Bobby Warner writes up his approach to introducing some "pjax" to a Grails app by extending the
GrailsLayoutDecoratorMapper. His approach is easy to understand and will probably work quite well for most projects.
That being said, I think that pjax is a great technique, but I've found that the jQuery.pjax library/plugin can be limiting in some scenarios. (In other words: it's probably fine, but do your homework on how pushState works so you can fill in the gaps if you need to.)
Josh Reed, writing at the refactr blog, presents an interesting "by convention" technique for "ajaxifying" controller actions in a Grails app. I can think of a couple other ways to do this (different solutions for different provlems) but this is certainly a nice reference for someone looking to do this kind of thing.
Tom Morris says it so well:
The idea that the almighty brains of hackerdom aren’t where they are solely based on merit but based partly on merit and partly on luck and/or privilege threatens the fragile geek ego and challenges the “bullied-to-billionaire” (Bill Gates, Mark Zuckerberg etc.) story the geek community likes to tell itself over and over. Again, guilt is not required. Just recognition that this is actually how the world works and having a go at actually fixing it.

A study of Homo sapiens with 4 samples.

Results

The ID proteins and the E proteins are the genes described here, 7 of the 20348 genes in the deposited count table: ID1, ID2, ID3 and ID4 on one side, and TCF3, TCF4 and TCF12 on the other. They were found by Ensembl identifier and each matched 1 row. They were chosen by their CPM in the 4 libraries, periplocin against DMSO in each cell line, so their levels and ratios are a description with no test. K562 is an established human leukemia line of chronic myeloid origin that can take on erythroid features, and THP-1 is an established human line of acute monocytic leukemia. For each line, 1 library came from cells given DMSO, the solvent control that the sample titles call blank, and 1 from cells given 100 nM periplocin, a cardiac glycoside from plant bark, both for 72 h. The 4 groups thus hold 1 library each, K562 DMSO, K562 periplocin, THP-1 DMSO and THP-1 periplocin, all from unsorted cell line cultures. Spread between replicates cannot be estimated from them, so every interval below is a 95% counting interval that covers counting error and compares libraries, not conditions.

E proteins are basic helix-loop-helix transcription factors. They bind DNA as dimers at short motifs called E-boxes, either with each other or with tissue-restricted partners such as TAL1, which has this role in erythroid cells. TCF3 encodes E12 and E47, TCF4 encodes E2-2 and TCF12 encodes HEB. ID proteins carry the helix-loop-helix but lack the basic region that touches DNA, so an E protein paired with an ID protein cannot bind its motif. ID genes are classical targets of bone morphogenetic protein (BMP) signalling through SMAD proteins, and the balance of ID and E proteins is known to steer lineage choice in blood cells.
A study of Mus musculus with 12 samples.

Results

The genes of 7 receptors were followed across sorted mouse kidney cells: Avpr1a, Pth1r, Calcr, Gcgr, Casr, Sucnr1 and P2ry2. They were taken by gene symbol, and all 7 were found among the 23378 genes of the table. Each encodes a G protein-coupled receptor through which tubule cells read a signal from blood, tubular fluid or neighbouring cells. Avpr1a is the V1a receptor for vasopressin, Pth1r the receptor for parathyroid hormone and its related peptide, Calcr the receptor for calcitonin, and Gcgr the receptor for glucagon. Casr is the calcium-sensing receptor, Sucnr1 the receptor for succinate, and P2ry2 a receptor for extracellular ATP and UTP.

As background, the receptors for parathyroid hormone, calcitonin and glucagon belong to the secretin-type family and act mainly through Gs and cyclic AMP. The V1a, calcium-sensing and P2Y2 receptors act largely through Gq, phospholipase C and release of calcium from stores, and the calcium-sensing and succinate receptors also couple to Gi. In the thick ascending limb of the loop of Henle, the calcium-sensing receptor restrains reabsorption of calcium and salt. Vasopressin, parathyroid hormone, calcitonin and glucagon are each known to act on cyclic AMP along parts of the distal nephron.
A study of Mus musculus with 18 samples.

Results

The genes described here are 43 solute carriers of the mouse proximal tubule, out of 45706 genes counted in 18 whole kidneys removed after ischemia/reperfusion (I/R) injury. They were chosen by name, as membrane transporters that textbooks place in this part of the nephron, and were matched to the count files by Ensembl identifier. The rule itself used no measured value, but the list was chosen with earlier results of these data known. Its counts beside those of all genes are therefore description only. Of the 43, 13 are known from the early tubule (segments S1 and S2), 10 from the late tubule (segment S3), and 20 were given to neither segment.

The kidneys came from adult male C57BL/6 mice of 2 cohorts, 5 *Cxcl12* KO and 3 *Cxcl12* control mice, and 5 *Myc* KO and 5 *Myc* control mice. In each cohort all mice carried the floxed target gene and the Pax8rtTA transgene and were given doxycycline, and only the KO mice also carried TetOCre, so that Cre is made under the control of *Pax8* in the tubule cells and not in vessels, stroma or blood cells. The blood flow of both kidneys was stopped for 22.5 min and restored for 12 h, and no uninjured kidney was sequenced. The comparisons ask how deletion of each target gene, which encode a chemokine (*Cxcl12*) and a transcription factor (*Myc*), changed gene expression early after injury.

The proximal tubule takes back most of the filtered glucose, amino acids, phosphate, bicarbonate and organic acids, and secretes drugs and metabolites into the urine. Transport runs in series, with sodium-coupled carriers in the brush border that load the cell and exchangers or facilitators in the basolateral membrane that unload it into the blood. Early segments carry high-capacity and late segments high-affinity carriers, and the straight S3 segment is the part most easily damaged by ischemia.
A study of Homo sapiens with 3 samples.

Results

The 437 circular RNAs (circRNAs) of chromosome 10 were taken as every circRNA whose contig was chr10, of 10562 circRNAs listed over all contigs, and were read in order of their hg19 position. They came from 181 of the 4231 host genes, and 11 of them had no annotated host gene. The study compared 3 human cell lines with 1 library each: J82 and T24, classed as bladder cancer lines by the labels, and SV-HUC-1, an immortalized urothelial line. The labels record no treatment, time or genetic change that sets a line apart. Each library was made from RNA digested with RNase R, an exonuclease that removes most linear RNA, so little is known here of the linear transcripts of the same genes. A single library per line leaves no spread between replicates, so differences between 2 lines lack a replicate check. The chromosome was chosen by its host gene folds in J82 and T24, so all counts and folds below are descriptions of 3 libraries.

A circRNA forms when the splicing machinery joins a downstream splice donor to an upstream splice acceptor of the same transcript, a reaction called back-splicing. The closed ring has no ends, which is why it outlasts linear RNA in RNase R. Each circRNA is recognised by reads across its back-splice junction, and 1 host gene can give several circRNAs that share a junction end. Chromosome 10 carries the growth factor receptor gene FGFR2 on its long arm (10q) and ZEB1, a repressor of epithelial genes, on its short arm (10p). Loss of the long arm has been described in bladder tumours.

Bottom line, really: you don't have to be ashamed of your privileges, but you better be real fucking ashamed if you haven't done some introspection on the matter and recognized it as such.
Interesting read at counternotions:
“Asian” is easy, as any restaurant-related service would make at least a rough attempt to classify eateries by cuisine. But what about “nice”? What does “nice” mean in this context?
Google has to accumulate domain specific data, knowledge and expertise to better disambiguate users’ intent in search. Terms, phrases, names, lemmas, derivations, synonyms, conventions, places, concepts, user reviews and comments…all within a given domain help enormously to resolve issues of context, scope and intent.
Knockout.js is awesome
Backbone.js is pointless
In my experience, it sounds to me like Hasen is trading one bit of low-level plumbing for another–replacing magic tricks with sleight of hand. To be totally fair, Knockout has some pretty powerful and compelling features, but you need to drink its Kool-Aid all the way or you're sunk. Having built a non-trivial component of a web app in Knockout, I can confidently say that it's not without its own set of problems, the biggest of which (for me) was not being able to reliably know the scope (i.e., the "this" value) within a given function at a given period in its execution. Also: if you've got a deeply nested and fairly sophisticated data model… Good luck.
Not that I'm saying don't use Knockout — just that it's not the picnic Hasen suggests it is.